One of the first things I did when I realized that I was never going to make it home – when I was the only crewmember left, all the others stuffed into their sleeping chambers like rigid, vacuum-packed action figures – was to write up a list of everybody I would never see again…
What is it to explore with no hope of remembrance? How does one understand oneself when stripped of the gaze of others? James Smythe’s third novel The Explorer is a compelling, claustrophobic, and raw examination of exploration, grief, time, and identity. The crew of the Ishiguro die one by one – ‘falling off like there was a checklist’ – on a supposedly triumphant mission to travel further than any human has gone before. The only remaining crewman is the journalist Cormac Easton. He immediately and selfishly mythologises his situation as one of endurance in the trial of solitude. He wonders how those on Earth will understand the events on the Ishiguro, about the film they must surely make of the mission, and, eventually, whether anyone will ever know their fate at all. Cormac is an outsider, an observer whose sole task is to record the momentous journey: ‘My crew: I was never really a part of them, even after all the training, because they knew more than me, technical things.’ And yet, as becomes clear, he is an observer who saw almost nothing, who was wrapped up in the glamour of space travel and the rhetoric of exploration, and thus saw little beyond that list of names.
we send probes and cameras…but we never send out eyes; this way, we’ll be looking back at ourselves from further away than anybody has had the chance to before, and we’ll – hopefully – be able to understand ourselves a bit better because of it.
This idea of looking back as the key to understanding foreshadows the bizarre reflexivity Cormac will achieve in The Explorer, the basis of which I’m not going to reveal. Which makes this difficult. The process of travelling away from the earth is one of abstraction: from the world, from its mores, all the better to gain some kind of perspective. The further the crew travel, the more important their journey becomes, because humanity gains a greater, a more objective, understanding of itself. Or so Cormac and (some) others initially believe. Yet Cormac is also the observer of the crew, as they are of him and of each other. Their gaze, their understanding, cannot be so abstracted, trapped as they are in close quarters; and death is not conducive to reflection. This partiality of single points of view is a theme The Explorer shares with Smythe’s second novel The Testimony. Unlike that novel, we hear only Cormac’s voice as he is slowly isolated, slowly abstracted, from the gaze of others, until all he has left are those romantic notions of film scripts, memorials, the glamour of exploration and the mawkish reports he writes for those he left behind.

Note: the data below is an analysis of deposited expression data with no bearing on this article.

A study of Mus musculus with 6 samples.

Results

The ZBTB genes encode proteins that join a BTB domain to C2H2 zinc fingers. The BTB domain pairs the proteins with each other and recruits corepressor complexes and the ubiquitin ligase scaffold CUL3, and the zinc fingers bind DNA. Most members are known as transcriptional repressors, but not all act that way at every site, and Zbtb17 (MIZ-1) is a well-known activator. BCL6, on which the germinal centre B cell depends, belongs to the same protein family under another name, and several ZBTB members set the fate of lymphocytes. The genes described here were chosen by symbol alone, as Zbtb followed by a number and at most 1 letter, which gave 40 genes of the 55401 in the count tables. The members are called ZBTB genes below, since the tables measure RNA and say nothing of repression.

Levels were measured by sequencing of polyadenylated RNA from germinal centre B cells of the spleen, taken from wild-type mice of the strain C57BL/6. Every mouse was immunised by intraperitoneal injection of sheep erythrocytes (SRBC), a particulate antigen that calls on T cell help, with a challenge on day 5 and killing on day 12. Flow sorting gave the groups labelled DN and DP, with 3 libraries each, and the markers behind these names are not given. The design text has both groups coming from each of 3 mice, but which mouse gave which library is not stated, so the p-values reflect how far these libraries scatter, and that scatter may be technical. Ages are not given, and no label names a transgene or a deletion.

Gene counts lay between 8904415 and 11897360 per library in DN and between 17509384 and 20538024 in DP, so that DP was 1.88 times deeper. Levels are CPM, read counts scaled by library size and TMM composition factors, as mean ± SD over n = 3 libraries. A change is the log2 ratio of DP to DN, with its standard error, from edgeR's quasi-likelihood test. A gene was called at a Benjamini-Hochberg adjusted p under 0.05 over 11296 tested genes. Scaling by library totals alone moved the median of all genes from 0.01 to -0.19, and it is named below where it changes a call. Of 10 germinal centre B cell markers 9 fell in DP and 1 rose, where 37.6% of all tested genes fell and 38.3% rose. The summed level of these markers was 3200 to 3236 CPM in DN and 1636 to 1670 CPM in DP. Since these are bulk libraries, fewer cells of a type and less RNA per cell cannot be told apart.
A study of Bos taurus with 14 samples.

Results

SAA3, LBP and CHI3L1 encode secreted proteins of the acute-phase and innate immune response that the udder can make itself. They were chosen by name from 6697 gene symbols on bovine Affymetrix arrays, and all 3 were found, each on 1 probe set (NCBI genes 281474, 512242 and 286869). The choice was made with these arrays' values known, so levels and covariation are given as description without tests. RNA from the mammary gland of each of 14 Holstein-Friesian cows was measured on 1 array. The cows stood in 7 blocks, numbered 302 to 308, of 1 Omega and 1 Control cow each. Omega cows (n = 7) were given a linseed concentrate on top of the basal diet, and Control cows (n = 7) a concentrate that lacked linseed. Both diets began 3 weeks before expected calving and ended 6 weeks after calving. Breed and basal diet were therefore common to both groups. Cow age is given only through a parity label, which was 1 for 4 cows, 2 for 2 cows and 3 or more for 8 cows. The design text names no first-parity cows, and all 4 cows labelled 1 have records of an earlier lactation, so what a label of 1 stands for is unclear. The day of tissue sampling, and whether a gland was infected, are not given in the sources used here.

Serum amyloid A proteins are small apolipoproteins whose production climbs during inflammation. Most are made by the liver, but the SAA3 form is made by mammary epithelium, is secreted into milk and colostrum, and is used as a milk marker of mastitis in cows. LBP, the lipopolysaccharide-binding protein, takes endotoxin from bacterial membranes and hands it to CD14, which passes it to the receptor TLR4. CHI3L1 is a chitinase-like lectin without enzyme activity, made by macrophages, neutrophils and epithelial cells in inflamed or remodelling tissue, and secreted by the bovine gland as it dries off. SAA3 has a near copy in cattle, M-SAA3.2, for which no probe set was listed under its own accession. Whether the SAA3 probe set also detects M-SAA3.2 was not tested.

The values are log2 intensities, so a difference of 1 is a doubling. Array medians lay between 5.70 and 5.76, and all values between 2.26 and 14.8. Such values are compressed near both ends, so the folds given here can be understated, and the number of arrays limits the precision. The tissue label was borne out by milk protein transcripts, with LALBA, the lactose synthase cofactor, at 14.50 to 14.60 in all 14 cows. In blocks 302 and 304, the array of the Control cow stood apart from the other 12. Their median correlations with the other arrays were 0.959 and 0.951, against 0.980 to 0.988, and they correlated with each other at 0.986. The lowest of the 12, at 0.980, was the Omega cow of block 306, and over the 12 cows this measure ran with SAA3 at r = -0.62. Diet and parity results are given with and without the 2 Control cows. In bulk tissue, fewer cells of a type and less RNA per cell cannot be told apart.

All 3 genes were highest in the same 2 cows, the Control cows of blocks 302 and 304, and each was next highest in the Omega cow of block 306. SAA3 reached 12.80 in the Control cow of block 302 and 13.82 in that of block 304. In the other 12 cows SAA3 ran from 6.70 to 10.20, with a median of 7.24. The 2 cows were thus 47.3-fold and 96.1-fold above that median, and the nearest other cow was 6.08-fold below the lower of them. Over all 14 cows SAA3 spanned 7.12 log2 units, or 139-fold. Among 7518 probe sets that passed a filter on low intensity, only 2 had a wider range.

I couldn’t stand to relive this trip through my own eyes, I don’t think.
What if one were able turn one’s gaze back on oneself? That is a duality of abstraction and intimacy difficult to conceive. That would be the kind of exploration few of us would relish; and yet it would be bolder than the physical exploration of a spaceship powering into the void. But would the overcoming of partiality that a singular gaze entails really be better than Cormac’s starting point? Meaning, for Cormac, is imparted by representation and, more than that, by purpose memorialised, by others, by Earth, by history; at least, until events gather him up and force him to take up a new and anguished perspective. At that point, we begin to realise just how partial was his understanding of those around him, of events, and of himself. As Cormac begins to see beyond the list of names and the nature of their representation – both in his and their own minds – he must decide what to do with that knowledge even as he threatens to disintegrate.
An ending is a completion: it’s a satisfaction all in itself.
An ending is a consummation. Part of Cormac’s struggle is to understand how his experience has to end. Only thus will the meaning of his ordeal become clear. To that extent The Explorer’sstructure is teleological: it is by reference to the end that the whole is to be understood. That would be a simple act of abstraction: to step back and understand the whole. But it is not quite so simple, as the temporal structure of The Explorer undermines the linearity implicit in the teleological conception of meaning, even as its three sections hold the narrative together and break Cormac apart in the darkness of space.
What we call the beginning is often the end
And to make an end is to make a beginning.
Eliot looms large in The Explorer. In fact, read Four Quartets as a companion piece if you possibly can. I could quote it all day. Time and memory and image play off one another in complex patterns to send echoes back and forth in poem and novel. Yet, what I like most about Smythe’s writing is its intimacy and deceptive ease. Complex narrative and emotional ideas are conveyed in a manner apparently free of all artifice as layers of repression are peeled back. This is harder than it looks. Smythe achieves a seemingly unmediated flow of thought and sensation as tender and raw as anything I have read this year. Neither diffident nor ostentatious, the writing is controlled to within an inch of its life and Cormac’s voice, which begins as a journalist’s selfish mythologisation of endurance, becomes as tender as a bruise as its pretention is stripped away by shock after psychological shock. As in The Testimony I found Smythe’s writing to have a rare power to move. The Explorer is a profound and deeply impressive novel which I urge you to read. I haven’t told you the half of it.
just me and the metal and the stars
The Explorer is out from Harper Voyager in ebook 20/12/12 and in hardback 17/01/13.
My thanks to HarperVoyager for this review copy.